About the Author
Simon Kuper is the author of Football Against the Enemy and writes for the Observer and the Financial Times. --This text refers to an alternate Paperback edition.
Top customer reviews
The real value in this book now is the ability to look back at a snapshot in time. FATE was written in 1994, at a real transition point for politics in many places around the world (the Eastern European chapters were particularly interesting for me, having visited most of the places involved in more recent years) and football (the capitalist revolution fuelled by the Premier League's inception in 1992 was just getting going). I found it fascinating to see the world and football as it was then, to see Kuper's expectations for the future with the benefit of hindsight as to how things really worked out.
Well worth a go.
I feel I have to disagree with The Times's purportion that 'If you like football read it. If you don't like football read it.' Pay no attention to the latter - for the uninformed this book is only mildly interesting. However, I was compelled at times to read excerpts to my girlfriend, who may or may not have been interested, and a prime example of this is found on page 72, where the author quotes Luther Blissett (while at AC Milan) as having remarked; "No matter how much money you have got, you can't seem to get any Rice Crispies."
The confusion in the book is due to Kuper's vague initial aim, which is two-fold: (1) to discuss the relationship between politics and football around the world and (2) various cultural habits that suggest the ways different styles have come about. Perhaps he should have concentrated on the cultural explanations of style, as it becomes a little repetitive when we hear of presidents and leaders taking charge of their national team. Having said that the chapter, Argentina, campeon!, which discusses the corruption during the 1978 World Cup, is mindblowing. However, Kuper's argument in 'Gazza and the fall of Margaret Thatcher', where the author tries deperately hard to convince the reader of some weak comparisons between Gazza and John Major, fails miserably but is nonetheless very entertaining.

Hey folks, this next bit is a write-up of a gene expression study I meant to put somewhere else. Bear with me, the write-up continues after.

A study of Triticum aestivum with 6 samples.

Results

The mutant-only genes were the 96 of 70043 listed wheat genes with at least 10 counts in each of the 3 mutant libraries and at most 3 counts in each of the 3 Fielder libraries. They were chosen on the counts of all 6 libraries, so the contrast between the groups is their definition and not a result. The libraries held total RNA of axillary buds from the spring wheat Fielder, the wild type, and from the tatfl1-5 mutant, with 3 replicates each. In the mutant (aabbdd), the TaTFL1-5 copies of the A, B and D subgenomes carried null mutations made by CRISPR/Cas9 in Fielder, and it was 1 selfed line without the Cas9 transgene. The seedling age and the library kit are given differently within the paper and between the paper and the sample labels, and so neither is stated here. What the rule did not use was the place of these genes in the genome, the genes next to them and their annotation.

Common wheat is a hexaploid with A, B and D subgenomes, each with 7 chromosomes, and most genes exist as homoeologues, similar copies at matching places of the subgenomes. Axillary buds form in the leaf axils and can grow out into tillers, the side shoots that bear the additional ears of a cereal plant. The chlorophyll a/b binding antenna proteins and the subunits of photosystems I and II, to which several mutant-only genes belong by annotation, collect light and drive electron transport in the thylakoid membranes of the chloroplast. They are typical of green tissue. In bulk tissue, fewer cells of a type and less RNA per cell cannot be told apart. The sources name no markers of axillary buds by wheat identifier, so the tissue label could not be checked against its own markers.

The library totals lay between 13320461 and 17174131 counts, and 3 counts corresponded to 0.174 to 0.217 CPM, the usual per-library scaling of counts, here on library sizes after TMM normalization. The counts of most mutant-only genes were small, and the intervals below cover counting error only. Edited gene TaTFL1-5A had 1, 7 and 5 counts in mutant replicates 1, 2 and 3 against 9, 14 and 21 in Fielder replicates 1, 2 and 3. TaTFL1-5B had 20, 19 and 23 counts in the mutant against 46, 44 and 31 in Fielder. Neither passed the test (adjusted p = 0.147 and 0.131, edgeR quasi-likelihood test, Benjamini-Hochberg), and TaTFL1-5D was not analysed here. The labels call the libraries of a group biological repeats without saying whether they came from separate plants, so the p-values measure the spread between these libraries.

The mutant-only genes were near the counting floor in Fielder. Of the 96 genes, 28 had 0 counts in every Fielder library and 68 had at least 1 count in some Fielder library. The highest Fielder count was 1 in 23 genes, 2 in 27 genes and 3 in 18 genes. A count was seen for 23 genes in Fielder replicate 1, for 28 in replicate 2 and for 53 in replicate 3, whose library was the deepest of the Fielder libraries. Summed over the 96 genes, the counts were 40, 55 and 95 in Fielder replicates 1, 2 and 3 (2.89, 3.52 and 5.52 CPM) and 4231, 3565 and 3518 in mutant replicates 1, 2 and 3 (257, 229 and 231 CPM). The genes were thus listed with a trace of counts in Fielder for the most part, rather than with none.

The book's high-points are the chapters on Brazil and Cameroon. Kuper paints a rather amusing portrait of Roger Milla... The explanation of the flamboyant Brazilian style as an outgrowth of the ancient sport of the capoeira as practised by the 'Malandro' in Brazilian folklore, is brilliantly argued and well-explained.
Overall, this book made me realise how much the game has changed in the last ten years and given that this book was first published in 1994, when for me football was only beginning to be explained in aesthetic terms, perhaps we should give the book a little extra credit. For those wanting a more refined aesthetes discussion of football, look at David Winner's 'Brilliant Orange'.